Drug dealing mum jailed after baby son died from ingesting narcotic

Olly-James Sievewright died on December 22, 2019, as a result of ingesting M-CAT combined with the effects of a peritonitis infection.

Drug dealing Aberdeenshire mum jailed over death of baby son who died after ingesting mephedrone Derek Ironside

A drug dealing mother whose baby son died after ingesting a narcotic at her home in Aberdeenshire has been jailed for seven years.

Amy Beck was convicted of exposing three-month-old Olly-James Sievewright to mephedrone, known as M-CAT, and MDMA, commonly called ecstasy.

The baby boy died on December 22 in 2019 as a result of ingesting M-CAT combined with the effects of a peritonitis infection the child was suffering.

A judge told Beck, 32, at the High Court in Edinburgh: “A custodial sentence is the only appropriate disposal in your case.”

Judge Fiona Tait said that as a drug dealer and user, Beck had allowed drugs to be in close proximity to children.

The judge said it was apparent from a background report prepared on Beck ahead of sentencing that she minimised her role in the offending.

Beck was earlier found guilty of exposing the now deceased child to illicit substances between September 17 in 2019 and the date of his death at an address in Sandhaven, Aberdeenshire.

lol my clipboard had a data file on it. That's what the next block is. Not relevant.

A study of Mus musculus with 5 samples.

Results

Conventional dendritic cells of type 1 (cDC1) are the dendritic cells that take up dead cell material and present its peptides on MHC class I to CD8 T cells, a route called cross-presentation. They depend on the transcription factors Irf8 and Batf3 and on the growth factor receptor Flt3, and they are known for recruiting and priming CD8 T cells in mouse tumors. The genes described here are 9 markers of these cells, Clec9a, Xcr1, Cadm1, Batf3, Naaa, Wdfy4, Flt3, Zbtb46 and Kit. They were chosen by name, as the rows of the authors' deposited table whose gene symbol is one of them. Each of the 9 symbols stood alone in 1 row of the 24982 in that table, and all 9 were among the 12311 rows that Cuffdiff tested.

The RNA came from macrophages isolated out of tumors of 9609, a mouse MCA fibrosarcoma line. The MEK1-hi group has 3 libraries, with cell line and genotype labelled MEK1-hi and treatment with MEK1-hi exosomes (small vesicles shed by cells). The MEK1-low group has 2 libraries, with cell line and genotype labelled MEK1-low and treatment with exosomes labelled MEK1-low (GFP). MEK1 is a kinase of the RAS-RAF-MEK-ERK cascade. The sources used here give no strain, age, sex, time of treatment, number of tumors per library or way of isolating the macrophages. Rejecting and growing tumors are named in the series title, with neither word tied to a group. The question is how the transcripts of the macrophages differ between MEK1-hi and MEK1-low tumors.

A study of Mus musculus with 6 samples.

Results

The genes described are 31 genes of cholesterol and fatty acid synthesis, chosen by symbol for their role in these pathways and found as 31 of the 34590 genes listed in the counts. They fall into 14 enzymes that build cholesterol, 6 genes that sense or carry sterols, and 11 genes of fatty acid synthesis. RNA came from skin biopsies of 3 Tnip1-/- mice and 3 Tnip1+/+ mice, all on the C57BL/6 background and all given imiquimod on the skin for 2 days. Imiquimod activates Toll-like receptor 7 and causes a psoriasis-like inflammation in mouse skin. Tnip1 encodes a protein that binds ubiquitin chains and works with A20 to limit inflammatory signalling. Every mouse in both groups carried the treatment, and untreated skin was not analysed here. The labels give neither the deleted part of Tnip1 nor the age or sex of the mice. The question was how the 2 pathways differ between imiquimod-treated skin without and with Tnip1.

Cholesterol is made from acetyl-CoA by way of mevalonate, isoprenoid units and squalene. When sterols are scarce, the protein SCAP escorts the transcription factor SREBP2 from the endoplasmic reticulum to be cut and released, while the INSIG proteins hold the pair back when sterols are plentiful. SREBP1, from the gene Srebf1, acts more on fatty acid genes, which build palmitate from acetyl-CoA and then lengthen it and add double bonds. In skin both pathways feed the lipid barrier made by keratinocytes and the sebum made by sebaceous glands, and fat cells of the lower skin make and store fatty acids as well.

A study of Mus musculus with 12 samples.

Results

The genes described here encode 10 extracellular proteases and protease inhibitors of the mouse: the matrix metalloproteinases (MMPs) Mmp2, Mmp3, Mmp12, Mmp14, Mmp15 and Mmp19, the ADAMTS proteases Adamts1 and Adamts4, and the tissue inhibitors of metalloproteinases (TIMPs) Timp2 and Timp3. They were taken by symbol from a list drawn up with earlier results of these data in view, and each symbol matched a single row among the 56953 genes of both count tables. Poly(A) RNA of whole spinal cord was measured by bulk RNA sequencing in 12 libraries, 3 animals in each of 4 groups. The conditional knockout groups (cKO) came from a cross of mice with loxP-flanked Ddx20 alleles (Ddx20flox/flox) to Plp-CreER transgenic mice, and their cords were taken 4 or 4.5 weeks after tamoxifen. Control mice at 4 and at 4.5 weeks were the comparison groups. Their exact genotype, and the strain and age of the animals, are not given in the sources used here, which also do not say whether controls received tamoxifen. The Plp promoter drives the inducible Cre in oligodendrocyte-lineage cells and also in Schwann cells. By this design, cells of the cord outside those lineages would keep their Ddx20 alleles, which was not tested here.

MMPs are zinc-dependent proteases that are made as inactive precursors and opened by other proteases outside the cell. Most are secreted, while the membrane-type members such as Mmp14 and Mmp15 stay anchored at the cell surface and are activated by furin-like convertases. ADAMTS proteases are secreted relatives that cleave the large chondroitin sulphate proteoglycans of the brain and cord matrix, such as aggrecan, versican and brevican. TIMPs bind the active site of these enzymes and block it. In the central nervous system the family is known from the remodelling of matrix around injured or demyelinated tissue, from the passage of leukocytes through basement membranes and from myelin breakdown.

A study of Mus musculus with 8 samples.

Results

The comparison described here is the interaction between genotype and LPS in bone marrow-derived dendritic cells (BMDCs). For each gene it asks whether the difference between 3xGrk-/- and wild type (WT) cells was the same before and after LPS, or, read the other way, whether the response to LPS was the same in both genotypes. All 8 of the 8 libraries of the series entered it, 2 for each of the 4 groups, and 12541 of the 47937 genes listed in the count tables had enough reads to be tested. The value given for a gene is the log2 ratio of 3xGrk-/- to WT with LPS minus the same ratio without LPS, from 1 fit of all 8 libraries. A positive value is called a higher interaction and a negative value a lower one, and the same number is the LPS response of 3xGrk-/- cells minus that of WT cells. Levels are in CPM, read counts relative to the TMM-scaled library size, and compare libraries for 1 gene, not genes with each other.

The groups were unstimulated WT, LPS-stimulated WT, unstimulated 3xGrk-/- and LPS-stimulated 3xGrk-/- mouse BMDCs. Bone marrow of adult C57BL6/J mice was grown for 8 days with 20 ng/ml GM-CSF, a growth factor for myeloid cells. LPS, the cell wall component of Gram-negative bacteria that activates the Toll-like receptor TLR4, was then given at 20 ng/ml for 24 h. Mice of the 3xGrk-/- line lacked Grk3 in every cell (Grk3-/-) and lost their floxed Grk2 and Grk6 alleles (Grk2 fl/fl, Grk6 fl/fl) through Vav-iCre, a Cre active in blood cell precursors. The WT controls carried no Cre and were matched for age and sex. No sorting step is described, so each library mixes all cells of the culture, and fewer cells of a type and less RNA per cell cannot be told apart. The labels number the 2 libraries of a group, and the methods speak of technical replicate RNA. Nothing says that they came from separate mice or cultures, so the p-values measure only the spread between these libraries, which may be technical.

The offence under Children and Young Persons (Scotland) legislation stated “as a result of said ingestion of Mephedrone, combined with the effects of peritonitis, he died”.

Beck, of Fraserburgh, was also convicted of being concerned in the supply of the Class B drug mephedrone over a period of almost three years and further charges of exposing children to drugs.

Her earlier trial at the High Court in Aberdeen heard that her former home in Sandhaven was “polluted” by drugs.

Defence counsel David Moggach said it was never a part of the Crown case against Beck of a deliberate intention on her part to carry out ill treatment.

He said the first offender was assessed as posing a medium risk and added: “She is not without her own problems.”

Mr Moggach told the court: “It is an unusual case and a difficult case to deal with.”

After the baby died a post mortem was carried out and jurors heard evidence that mephedrone might have compromised the baby’s ability to deal with all the implications of contracting peritonitis.